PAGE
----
Colombo v. BRP US, Inc., an appeal from the California Court of Appeal, involved plaintiffs who went jet skiing. The group consisted of two sisters who went to help a third sister move into a new apartment. The sister who was moving had a boyfriend whose roommate operated personal watercraft for a local company.
Boyfriend wanted to reward the two sisters for helping his girlfriend move and arranged to meet them at a store and then take them to ride the personal watercraft (PWCs). He loaded two PWCs onto a trailer, met them at the store, and took them to the bay to ride. Both sisters wore two-piece bathing suits. Nobody in the group was wearing a wetsuit.
After putting on a life vest, plaintiffs waded into the water and met defendant. Both plaintiffs got on the back of PWC with defendant sitting in the operator’s seat. He did not give them any instructions. Plaintiff testified that she had no intention of driving the PWC herself and did not have any idea how PWCs worked and how fast water exited the jet-thrust nozzle underneath. She also did not see any labels under the handlebars or on the console that warned of severe injury that could occur as a result of falling into the water near the nozzles.
As our Boston personal injury lawyers can explain, many amusement rides and attractions contain long warnings and releases of liability that participants have no opportunity to read or understand before engaging in an activity.
One of the warning labels on PWCs stated that all riders must wear a wetsuit bottom and that normal swimwear does not provide adequate protections for the “lower body opening(s) of males or females.”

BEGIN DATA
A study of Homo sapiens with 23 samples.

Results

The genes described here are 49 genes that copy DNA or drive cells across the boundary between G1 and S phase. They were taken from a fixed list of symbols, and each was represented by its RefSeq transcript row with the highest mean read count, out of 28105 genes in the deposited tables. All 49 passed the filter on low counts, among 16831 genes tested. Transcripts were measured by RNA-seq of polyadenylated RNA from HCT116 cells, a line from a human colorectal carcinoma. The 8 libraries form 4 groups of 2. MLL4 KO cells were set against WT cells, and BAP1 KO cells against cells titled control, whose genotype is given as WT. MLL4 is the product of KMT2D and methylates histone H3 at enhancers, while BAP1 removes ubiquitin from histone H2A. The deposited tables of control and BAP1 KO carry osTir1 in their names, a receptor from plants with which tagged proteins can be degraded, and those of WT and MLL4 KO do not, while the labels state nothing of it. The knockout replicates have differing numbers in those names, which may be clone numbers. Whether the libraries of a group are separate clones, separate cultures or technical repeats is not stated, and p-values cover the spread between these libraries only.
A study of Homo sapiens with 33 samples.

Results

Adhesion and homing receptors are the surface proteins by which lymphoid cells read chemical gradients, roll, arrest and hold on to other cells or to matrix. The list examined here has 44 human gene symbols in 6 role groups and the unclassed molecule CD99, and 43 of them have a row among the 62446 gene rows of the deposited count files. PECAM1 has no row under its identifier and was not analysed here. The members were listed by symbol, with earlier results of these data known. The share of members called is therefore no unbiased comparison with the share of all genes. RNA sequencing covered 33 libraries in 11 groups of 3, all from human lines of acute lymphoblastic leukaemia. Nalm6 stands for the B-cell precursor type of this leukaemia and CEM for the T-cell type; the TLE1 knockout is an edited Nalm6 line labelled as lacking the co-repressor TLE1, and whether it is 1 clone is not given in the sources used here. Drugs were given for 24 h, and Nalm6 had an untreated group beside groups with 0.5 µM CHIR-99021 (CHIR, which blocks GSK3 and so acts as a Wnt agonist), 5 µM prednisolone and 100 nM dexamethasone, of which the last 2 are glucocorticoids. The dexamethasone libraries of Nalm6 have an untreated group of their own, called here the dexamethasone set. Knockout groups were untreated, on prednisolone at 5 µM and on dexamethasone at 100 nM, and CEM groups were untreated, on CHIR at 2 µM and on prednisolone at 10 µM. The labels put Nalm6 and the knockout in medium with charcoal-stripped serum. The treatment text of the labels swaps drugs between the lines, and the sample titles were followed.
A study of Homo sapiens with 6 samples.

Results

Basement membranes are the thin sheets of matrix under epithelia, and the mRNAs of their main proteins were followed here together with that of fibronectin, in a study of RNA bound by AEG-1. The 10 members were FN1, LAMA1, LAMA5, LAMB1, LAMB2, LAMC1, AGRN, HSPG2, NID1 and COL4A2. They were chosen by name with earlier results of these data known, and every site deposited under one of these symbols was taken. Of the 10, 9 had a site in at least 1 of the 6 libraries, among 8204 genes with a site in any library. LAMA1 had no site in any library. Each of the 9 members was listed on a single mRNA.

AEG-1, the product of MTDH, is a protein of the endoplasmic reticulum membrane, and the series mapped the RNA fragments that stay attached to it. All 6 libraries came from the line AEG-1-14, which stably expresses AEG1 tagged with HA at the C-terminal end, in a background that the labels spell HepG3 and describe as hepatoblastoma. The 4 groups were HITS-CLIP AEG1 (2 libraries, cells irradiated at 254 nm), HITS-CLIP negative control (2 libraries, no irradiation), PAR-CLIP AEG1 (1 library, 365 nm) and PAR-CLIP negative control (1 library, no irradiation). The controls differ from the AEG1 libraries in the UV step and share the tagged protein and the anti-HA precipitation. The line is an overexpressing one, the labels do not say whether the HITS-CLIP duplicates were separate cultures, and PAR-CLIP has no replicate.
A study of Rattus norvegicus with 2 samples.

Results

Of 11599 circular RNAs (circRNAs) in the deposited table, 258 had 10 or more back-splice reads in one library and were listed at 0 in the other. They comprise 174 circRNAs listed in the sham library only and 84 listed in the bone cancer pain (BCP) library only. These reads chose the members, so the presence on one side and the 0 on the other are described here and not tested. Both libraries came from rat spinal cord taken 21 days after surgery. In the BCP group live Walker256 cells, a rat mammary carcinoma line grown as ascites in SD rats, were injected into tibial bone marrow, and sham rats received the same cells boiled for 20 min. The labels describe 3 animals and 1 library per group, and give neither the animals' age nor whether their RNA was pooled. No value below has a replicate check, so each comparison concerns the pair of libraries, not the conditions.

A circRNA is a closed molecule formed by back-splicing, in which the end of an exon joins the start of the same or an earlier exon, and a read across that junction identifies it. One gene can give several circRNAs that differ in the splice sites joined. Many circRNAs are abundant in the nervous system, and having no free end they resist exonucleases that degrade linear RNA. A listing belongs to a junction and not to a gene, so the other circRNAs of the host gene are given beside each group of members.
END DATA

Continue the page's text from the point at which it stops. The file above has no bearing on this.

At one point during the ride, defendant made a sharp turn, causing both plaintiffs to be thrown from PWC. One plaintiff felt a stabbing pain in her rectum. She put her hand in bathing suit and pulled out a “ball of flesh.” The other plaintiff seriously injured her vagina. Both plaintiffs had surgery to repair the serious personal injury, and one had to wear a colostomy bag during her senior year of high school.
At trial, defendant tried to claim that, since this case occurred in navigable waterways, admiralty law limited his liability to the approximate $6,000 cost of a PWC. The court ultimately found defendant knew or should have known passenger could fall off a PWC and could not read the warnings. His negligence in not having operators require passengers to wear wetsuit bottoms was actionable and would also allow for a jury to award punitive damages.
In this case, the jury, after hearing testimony of both plaintiffs and examining all other evidence, awarded plaintiffs over $4 million in compensatory and punitive damages. Compensatory damages were for pain and suffering, of which there was a lot, past and future medical expense, and special damages.
Defendant appealed to the state court of appeals and the court affirmed trial court’s ruling and the jury award of punitive damages.